Why and where you should recruit international students
The number of college students in the United States has been declining since 2010 when about 21 million people were enrolled in U.S. colleges and universities. According to a report issued by the National Student Clearinghouse, in the fall of 2014, there were 812,069 fewer students enrolled in higher education institutions.
Low birthrates in many European countries and some Asian countries, namely Japan, have resulted in fewer potential college students in those countries.
Worldwide demographic and societal changes have resulted in an “arms race” by many countries and many colleges and universities to enroll as many full-paying international students as possible.
The Intelligence Unit of “The Economist,” has released a report titled “Education to 2030,” that claims that economic, social and technological developments are making a quality education more important than ever before. And the report forecasts growth in the global economic sector for the next several years.
The recent past decades have witnessed tremendous growth in the numbers of students from China, Saudi Arabia and Nigeria. But economic and political changes in each of those countries warrants caution. Colleges and universities worldwide who have relied on enrollments from these countries to help meet financial goals should begin to re-evaluate and re-write their strategic international recruitment plans and diversify their international student population.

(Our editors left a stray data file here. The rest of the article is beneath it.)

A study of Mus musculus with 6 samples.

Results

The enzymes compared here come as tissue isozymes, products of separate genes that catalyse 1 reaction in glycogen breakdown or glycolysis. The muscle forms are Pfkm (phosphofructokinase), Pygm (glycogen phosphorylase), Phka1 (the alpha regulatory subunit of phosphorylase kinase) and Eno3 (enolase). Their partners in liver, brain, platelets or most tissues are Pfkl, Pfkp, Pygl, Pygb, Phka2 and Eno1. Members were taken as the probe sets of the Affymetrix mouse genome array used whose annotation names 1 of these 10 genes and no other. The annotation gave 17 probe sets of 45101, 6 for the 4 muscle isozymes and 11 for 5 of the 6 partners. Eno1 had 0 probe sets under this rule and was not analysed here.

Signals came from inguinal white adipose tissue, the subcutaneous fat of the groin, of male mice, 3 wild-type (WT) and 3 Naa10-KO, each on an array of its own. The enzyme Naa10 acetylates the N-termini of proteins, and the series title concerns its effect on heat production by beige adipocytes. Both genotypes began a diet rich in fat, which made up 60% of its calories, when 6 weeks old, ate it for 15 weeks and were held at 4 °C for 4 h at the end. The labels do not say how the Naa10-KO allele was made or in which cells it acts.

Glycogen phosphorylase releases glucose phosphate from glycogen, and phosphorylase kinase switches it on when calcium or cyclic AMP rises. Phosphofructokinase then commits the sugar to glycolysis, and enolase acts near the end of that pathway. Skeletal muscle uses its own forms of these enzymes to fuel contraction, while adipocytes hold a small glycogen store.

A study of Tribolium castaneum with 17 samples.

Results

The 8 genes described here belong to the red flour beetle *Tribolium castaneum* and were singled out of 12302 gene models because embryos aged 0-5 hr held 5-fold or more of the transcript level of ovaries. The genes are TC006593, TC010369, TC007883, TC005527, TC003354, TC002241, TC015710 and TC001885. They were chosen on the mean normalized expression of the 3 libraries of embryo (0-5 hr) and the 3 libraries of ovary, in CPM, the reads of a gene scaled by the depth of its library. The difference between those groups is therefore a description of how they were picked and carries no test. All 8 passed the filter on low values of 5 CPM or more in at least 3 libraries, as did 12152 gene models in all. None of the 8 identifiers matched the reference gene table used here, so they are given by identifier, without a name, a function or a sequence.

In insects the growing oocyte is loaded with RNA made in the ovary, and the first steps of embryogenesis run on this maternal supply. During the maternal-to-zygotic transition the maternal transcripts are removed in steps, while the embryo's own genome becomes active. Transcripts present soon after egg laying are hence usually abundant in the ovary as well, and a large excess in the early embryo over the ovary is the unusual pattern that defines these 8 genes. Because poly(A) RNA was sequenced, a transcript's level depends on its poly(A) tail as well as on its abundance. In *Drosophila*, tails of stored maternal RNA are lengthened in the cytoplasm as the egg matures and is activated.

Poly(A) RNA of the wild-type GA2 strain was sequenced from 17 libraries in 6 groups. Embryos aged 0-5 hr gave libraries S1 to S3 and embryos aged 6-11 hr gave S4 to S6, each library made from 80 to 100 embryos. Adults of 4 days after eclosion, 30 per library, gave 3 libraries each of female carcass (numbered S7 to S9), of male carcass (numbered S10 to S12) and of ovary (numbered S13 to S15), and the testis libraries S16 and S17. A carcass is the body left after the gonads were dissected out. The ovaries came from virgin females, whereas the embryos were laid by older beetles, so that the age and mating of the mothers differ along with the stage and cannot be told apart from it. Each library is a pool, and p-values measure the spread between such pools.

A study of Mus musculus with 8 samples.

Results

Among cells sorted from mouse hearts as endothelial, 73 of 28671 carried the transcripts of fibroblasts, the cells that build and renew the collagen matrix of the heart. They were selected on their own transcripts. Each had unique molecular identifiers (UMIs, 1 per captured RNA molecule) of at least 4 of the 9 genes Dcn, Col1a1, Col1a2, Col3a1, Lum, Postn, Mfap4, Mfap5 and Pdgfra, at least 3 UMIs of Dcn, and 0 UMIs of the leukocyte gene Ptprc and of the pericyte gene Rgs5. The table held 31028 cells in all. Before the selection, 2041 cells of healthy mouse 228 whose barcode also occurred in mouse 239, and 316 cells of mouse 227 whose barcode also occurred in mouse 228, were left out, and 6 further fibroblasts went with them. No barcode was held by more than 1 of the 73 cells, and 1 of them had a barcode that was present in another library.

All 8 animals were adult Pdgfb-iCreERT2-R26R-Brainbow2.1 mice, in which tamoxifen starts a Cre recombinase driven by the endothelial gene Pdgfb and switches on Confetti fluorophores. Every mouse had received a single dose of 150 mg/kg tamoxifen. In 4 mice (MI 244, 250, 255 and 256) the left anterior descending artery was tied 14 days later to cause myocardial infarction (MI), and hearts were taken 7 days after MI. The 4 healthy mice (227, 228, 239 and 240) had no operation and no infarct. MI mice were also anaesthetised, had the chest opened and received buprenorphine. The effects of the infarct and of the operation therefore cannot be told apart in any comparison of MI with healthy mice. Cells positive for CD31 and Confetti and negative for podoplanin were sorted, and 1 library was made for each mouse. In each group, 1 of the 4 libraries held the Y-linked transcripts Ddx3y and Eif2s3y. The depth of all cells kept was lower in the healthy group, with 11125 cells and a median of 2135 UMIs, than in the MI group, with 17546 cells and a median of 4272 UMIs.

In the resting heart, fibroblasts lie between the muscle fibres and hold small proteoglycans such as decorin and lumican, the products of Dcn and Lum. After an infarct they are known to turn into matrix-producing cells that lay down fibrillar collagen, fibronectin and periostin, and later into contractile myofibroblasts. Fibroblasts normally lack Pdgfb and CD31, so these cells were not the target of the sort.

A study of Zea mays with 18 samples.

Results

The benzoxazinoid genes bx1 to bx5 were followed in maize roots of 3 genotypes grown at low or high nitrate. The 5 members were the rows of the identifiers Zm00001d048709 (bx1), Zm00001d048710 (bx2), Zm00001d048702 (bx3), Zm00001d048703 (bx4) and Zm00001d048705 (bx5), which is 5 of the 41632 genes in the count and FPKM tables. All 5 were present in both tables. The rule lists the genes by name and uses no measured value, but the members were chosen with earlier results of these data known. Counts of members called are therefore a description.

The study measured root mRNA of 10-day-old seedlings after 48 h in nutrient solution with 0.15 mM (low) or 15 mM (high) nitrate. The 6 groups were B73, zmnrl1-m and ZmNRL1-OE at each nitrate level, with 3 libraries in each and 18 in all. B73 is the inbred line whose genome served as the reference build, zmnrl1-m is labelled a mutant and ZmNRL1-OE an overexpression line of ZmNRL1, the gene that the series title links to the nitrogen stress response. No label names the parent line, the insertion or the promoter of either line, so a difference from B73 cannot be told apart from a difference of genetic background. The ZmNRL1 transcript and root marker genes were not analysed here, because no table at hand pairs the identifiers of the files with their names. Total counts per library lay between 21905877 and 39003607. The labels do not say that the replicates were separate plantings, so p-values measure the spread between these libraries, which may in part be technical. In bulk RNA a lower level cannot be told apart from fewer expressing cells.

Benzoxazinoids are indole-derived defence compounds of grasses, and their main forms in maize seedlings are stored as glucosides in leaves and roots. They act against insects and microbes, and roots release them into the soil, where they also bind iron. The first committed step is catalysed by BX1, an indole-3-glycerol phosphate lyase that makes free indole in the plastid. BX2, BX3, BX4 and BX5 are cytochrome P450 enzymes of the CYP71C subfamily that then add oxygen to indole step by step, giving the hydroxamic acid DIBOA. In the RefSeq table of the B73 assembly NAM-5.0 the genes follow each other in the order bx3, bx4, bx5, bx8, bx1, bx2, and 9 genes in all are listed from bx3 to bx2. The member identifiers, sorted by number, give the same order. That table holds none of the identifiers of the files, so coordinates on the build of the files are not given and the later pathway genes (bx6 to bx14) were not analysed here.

Where should you recruit?
In addition to recommending recruiting in Iran, Vietnam, and India, I would suggest the following:
According to the International School Consultancy, there are more than 4.3 million students being educated at more than 8,200 international schools worldwide. By 2026, enrollment is projected to reach 8.7 million. Students enrolled in international schools should be considered as primary recruitment markets.
The United Arab Emirates is the global leader in English medium school enrollment. There are more than half a million students enrolled in 548 international schools in the Emirates. I would take another look at the schools in the Emirates for both undergraduate and graduate students.
Malaysia is emerging as a higher education superpower, both in terms of numbers and quality of education. The country has the largest number of international students in the region and has recently emerged as a priority destination among students from rapidly developing countries. Last year Malaysia enrolled approximately 150,000 students and by the year 2020, plans to increase that number to 200,000. This is a country that is prime for both developing either combined degree programs or articulation agreements or for graduate student enrollment.
Germany has about 400 higher education institutions and is a leader in Europe for attracting both degree seeking and study abroad students. As with Malaysia, there are many areas of potential collaboration with German institutions.
Few schools have the resources to develop several new recruitment markets. Select the countries most compatible with what your school has to offer, do the necessary research, get approval, create meaningful marketing messages, train your international recruiters and develop analytics that will guide future plans.
PS Just read this. Proposed legislation in California would limit the number of out of state and international students to 10 percent of public colleges and universities. If this gets approved I expect other states to follow with similar legislation.